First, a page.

I honestly didn’t know what to expect when I first dipped my toe into Wyv and Keep. Some games I seek out, others I research before playing. This one was a mystery, but I’m happy to say that it was a pleasant surprise.
Wyv and Keep has, in what is fairly standard for indie games, retro visuals. In this particular game we’re looking at roughly 16bit era visuals, and they did a good job. One of the most interesting things that an artist can do when working with pixels is see how much expression and personality they can pack into a tiny cluster of squares, and Wyv and Keep are exceptional in this regard. Watching them read through the tutorial/story screens is a treat, with each of them cycling through a wide assortment of expressions and postures. Swooing, exasperation, concentration, mockery, embarrasment, and a dozen other emotions are made apparent by skillful facial expressions. Heck, they even go though animations like searching through a bag when commenting about a piece of equipment that may or may not have been brought along. I will say that there was a point of debt among my friend Phawx and me regarding the female character. He was of the opinion that she was wearing a ninja mask, I was of the opinion that she had no torso, her face was tucked into her panties, and her arms were sticking out the leg holes. He was probably right, but having seen it I can’t unsee it.
The environments are varied and detailed enough, though here and there I ran into situations where I wasn’t aware enough of a specific patch of ground to behave accordingly (mud prevents you from jumping, and I would occasionally forget I was standing on it until I tried to hop a pit). This probably less to do with the game and more to do with my attention span, which is kind of sh…
My friend and co-reviewer dubbed this a sokoban game, and there is definitely that element to it. You play as a pair of characters who are the size and shape of a box. Ostensibly you are seeking vast riches in a temple, but what you are really doing is pushing boxes around. You can’t pick up a box, and you can’t pull one, but you can push them around and support them if they fall or slid onto you. These boxes are used to press switches, block hazards, bridge water, help you reach higher platforms, and pretty much anything else the game my require of you. Thing that makes this game really unique is that whether you’re playing single player or multiplayer, you’re solving the puzzles cooperatively.
In single player mode, you control the characters alternately, switching between them when necessary. Sometimes the things you need your partner for are very basic, like jumping off of the other’s head to give a boost. Others are a little more closely tied with the game mechanics, like using your partner to prevent a box from ending up against a wall (which would make it impossible to move further). Something I really liked was the fact that you could toy with the mechanics of the game to find alternate solutions. The primary example of this was something my friend and I referred to as “the phantom shelf” where you would hold the box with the very edge of you character, so that the other character could jump on your head and push the box off. It led to some bizarrely simple solutions that I feel confident were not intended by the level designers.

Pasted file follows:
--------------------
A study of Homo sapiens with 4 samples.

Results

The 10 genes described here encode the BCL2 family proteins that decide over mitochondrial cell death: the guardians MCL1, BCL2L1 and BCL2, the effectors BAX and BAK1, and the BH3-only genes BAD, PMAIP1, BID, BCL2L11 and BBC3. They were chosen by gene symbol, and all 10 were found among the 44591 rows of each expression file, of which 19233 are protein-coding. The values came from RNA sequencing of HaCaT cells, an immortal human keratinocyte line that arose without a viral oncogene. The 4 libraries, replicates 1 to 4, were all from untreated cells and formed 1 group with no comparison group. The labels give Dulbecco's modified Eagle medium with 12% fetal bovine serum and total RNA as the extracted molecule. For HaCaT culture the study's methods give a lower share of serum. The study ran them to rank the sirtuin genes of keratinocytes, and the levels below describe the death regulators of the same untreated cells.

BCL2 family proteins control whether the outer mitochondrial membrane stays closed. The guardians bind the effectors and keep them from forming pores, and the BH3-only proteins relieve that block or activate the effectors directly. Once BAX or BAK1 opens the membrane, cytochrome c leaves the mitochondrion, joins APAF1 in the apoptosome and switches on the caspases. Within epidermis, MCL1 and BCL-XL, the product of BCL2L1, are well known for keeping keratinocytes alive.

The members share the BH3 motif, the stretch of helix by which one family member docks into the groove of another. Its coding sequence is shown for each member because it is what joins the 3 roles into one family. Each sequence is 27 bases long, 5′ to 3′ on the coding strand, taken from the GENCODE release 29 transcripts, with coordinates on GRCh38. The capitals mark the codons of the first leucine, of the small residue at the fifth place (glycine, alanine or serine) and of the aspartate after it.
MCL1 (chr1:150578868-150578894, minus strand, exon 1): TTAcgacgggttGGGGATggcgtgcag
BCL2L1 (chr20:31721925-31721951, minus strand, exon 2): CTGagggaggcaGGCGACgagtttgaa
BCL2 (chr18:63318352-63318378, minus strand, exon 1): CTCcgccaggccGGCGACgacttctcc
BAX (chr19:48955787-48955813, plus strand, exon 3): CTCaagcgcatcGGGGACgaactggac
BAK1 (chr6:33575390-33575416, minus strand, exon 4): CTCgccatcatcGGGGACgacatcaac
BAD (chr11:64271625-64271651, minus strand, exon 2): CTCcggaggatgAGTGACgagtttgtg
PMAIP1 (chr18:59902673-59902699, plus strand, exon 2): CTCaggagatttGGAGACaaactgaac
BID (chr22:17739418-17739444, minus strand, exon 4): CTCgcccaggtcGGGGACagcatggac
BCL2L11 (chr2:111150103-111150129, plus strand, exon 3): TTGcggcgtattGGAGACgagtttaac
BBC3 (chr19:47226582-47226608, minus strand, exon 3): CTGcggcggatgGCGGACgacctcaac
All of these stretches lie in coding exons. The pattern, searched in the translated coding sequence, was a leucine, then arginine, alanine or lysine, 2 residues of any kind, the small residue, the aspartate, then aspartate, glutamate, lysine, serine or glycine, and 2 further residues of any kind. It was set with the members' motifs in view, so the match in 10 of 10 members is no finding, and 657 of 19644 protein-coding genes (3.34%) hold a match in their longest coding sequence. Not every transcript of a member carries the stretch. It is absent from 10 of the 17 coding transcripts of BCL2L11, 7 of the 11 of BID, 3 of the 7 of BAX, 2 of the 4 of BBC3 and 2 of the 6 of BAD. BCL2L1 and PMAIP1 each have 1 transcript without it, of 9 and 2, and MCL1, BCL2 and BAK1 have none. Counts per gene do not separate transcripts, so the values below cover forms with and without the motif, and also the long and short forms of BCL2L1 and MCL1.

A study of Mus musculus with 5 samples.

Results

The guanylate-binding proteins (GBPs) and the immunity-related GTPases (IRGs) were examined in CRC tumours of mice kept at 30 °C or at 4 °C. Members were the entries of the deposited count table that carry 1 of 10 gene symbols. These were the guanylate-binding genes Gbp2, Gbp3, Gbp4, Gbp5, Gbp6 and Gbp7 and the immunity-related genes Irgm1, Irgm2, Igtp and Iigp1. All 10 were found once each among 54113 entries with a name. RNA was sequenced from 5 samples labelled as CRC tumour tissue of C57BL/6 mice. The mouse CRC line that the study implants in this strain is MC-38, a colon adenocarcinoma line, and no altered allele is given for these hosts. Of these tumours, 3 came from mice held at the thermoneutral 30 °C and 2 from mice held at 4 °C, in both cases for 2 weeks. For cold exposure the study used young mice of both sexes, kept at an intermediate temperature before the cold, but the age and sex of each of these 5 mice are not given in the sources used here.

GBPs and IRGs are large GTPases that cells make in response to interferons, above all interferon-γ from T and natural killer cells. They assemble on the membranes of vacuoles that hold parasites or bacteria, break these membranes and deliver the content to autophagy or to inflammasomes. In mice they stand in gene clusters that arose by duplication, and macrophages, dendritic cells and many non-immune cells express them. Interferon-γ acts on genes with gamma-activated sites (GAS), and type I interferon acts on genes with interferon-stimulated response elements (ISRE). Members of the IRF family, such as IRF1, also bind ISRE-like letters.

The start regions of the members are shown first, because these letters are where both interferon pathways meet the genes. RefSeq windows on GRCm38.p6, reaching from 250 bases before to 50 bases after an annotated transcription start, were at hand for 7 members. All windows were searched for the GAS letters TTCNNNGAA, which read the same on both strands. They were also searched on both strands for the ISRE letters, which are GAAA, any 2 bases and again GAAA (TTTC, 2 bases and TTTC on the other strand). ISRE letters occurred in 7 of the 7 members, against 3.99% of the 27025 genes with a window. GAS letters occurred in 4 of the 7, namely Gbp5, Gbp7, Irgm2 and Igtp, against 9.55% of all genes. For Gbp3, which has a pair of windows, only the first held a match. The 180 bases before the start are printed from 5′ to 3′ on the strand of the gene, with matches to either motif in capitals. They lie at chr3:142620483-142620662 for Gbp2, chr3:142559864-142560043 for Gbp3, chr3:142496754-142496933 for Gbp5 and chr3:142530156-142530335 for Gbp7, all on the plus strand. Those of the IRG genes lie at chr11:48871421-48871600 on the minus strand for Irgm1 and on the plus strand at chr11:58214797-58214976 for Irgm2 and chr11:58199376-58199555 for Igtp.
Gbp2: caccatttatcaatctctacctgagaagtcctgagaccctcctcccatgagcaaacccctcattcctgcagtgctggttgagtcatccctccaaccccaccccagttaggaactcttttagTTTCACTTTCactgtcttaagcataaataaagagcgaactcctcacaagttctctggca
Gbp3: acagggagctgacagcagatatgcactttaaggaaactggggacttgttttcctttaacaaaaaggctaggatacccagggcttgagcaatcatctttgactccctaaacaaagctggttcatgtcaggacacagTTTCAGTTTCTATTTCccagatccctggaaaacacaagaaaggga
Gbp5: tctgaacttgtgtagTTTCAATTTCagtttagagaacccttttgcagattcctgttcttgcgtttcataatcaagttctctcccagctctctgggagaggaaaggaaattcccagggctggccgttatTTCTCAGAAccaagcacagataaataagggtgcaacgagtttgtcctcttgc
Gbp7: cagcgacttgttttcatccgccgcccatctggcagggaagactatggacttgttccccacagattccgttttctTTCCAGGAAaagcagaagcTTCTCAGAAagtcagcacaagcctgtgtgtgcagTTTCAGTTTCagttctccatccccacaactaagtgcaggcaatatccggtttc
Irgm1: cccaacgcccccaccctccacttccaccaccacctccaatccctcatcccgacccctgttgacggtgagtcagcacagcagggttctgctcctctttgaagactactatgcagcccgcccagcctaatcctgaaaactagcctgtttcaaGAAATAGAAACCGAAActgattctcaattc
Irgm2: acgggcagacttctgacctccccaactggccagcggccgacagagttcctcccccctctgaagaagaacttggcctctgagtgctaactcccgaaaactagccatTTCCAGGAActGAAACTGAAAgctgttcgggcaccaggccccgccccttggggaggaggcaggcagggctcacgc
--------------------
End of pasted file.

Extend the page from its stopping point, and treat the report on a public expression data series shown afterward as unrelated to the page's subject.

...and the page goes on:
In online mode, you each pick a player, and this mode was simultaneously the strongest and weakest point of the game. Matchmaking is stupidly simple. You enter your name in the lobby, and all other players available are listed. Pick one to invite him or her to a game and you’re ready to go. When it worked (which was most of the time) the online was pretty darn smooth. There was a little bit of lag between the two screens, but it seldom caused any problems unless a solution called for very tightly choreographed motions. Then there were the other times. On one occasion we connected, and could easily solve puzzles, but on my screen my partner wasn’t moving, nor were the boxes interactive for me. Restarting a level fixed that issue. I had a dropped connection once or twice during a multi-hour play session, but I suspect that was due to me hammering the “ready” button and accidentally quitting the game.
The standard box moving is mixed up steadily as the levels progress. Obstacles like water and spikes show up. Switches that need to be held down or toggled appear. Dynamite with timed fuzes arrive. Not only that, but on each level of the game there is a key and a special room, which show up on different stages. If you find the key, you can try the special room, and if you are like me, you’ll fail in an epic and amusing manner. In normal levels, opening the exit and reaching it with one of your characters is the success condition, and doing it with few retries, low completion time, and large amounts of loot gathered will give you a high score.
No spoken dialog, catchy music… That’s all there is to see here, move along.
The story is fairly basic. The two main characters mount an expedition into an ancient ruin in search of fame and fortune. Nothing we haven’t seen before. What I liked about the story, though, was the excellent writing. Your characters have conversations regarding the notes they find, which have been left by a professor who explored the place before you. Not only are the comments made by the characters funny to hilarious in nature (Good news! It isn’t poop!), but they actually vary appropriately depending on which of the two characters picks up the notes.
I really enjoyed Wyv and Keep. Everything from the graphics to the gameplay really hit the spot. If the online foibles can be squared away, I’d easily recommend this for puzzle game afficianados who are interested in a game they can share with one another or play alone if they choose. Loads of fun.
8.5 / 10: Old-school visuals with plenty of personality, fun puzzles, and well-made co-op make Wyv and Keep a great little game.